Although George R. Stewart did not make much use of electronic communication devices or media, he did, as reported earlier, find himself involved in the creation of Disney films. At about the same time, in the late 1940s, Stewart – or an actor playing Stewart – made an appearance on a radio mystery program.
Television was on the horizon in 1946, but Americans still listened to their favorite programs on the radio. Comedians like Fibber McGee and Molly or Jack Benny, western stars like Roy Rogers and Dale Evans or Bobby Benson of the B-Bar-B – and mysteries or detective programs.
Mystery programs, which used the mind of the listener to create suspense or terror, were particularly creative and effective, because we all fear the unknown that we imagine much more than the known we can see. The rattlesnake in your mind is much more terrifying than the rattlesnake on the trail. Even today, it can be hard to listen to one of the more dramatic mysteries, like The Shadow, especially if you’re alone and it’s a dark and stormy night.
Mystery programs usually had a key character like Lamont Cranston – the Shadow. The main character was often an urbane, slightly eccentric city type – an antiques dealer or bon vivant or independently wealthy person, who had a nose for solving mysteries. Think of Poirot or Inspector Morse or the modern Sherlock, Benedict Cumberbatch.
Gregory Hood was such a detective He lived in a penthouse in San Francisco, made his money in the collectible art import and export business, and even had a Chinese house servant – the ultimate mark of cool for the radio detective. One of Hood’s creators was local writer Anthony Boucher. Boucher was the pen name of William Anthony Parker White, who lived in Berkeley and knew George R. Stewart. To make the show especially “real,” Boucher used Richard Gump, of Gump’s Department Store, which specialized in the sale of art, as a consultant.
By the time of the radio show, August of 1946, Stewart had become a well-known author. Names on the Land had just been released; impressed with the book, Boucher decided to build an episode of the radio show around it.
Several episodes of The Casebook of Gregory Hood are available; unfortunately, “The Ghost Town Mortuary,” the episode with George R. Stewart, has not yet been found. Fortunately, Stewart kept a copy of the script, and donated that to the Bancroft. Here’s a portion:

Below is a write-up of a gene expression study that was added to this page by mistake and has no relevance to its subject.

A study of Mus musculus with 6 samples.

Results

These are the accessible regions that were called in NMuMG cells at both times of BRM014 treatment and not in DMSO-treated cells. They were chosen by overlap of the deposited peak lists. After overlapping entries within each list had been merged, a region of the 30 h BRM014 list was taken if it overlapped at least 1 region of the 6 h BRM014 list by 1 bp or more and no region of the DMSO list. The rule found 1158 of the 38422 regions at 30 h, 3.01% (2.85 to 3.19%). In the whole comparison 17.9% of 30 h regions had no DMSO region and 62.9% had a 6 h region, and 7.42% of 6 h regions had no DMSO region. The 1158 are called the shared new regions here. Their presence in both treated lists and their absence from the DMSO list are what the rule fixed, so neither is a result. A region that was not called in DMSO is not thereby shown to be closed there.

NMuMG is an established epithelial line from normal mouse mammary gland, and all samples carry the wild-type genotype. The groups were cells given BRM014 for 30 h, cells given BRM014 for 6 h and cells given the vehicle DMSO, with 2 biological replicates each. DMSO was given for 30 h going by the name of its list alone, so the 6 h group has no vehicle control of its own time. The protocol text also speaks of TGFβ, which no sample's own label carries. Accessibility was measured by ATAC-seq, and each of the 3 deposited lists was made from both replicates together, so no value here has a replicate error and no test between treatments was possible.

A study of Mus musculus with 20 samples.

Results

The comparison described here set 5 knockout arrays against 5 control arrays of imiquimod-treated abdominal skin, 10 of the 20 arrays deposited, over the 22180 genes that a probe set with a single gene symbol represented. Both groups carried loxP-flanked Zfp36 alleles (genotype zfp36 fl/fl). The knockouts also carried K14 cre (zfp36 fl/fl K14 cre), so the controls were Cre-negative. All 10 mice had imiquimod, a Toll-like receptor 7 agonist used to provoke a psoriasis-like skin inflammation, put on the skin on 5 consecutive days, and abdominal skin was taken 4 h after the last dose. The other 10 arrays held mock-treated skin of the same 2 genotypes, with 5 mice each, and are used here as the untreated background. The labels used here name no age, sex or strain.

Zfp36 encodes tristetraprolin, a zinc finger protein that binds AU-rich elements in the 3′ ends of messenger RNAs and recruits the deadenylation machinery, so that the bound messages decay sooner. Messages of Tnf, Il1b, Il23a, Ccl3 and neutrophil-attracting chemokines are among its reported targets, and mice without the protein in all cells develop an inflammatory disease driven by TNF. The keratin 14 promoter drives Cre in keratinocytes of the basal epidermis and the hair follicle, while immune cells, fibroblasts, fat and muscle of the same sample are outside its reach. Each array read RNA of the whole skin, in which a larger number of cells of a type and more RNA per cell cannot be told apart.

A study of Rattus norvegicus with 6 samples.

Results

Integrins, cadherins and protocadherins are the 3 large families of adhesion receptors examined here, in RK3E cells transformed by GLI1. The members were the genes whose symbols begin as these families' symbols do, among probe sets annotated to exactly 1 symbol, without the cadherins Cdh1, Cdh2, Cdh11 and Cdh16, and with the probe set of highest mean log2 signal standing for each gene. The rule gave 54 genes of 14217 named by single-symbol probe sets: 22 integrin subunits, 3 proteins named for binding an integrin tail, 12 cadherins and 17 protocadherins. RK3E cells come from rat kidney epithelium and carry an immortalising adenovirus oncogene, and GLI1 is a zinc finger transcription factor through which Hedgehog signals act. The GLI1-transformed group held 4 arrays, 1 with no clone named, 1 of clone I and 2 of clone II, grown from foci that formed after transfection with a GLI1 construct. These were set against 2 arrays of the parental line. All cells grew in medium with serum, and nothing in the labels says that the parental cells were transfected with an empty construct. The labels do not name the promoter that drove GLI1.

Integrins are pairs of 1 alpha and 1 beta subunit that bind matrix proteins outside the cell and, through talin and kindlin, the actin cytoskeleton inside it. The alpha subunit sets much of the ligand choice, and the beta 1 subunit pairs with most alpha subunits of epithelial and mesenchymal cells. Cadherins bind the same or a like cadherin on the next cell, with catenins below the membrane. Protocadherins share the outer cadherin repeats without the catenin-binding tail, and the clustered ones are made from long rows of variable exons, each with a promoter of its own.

…GREGORY: This place is handy for the one person who I think can help us on this case.
SANDY: And who is that person?
GREGORY: Professor George Stewart, of the University English Department.
MARY: Oh yes! He wrote “Storm”—a wonderful book.
GREGORY: True, but what is more to our immediate point is the fact that Random House recently published his new book: “Names on the Land.” It’s a classic and definitive study of American place-naming. His virtues are many. (with a chuckle) Including a fine sense of entering on cue. Here he is. (Raising his voice) Hello, George.
GEORGE R. STEWART: (clearance arranged) (straight and charming ) How are you, Gregory?
GREGORY: Fine. …
Stewart is able to identify the location where a kidnap victim is being held by one word on a note – the word is the name of a ghost town. The town is real, and the name is discussed in Stewart’s place-naming book; but Boucher moves the town west for dramatic purposes.
You can learn more about the series here.
You can listen to an episode here.
This was not Stewart’s only exposure on radio. A few years after this episode, the classic radio drama series Escape broadcast a version of Earth Abides. In order to capture its epic sweep, Escape broadcast the story in two half hour segments. And in the days before high quality recording, it was broadcast in an East Coast and a West Coast version. The star was the well-known character actor John Dehner.
Note the use of the term “ecology” at the beginning of the broadcast. This is one of the first uses of the term, or concept, in mass media.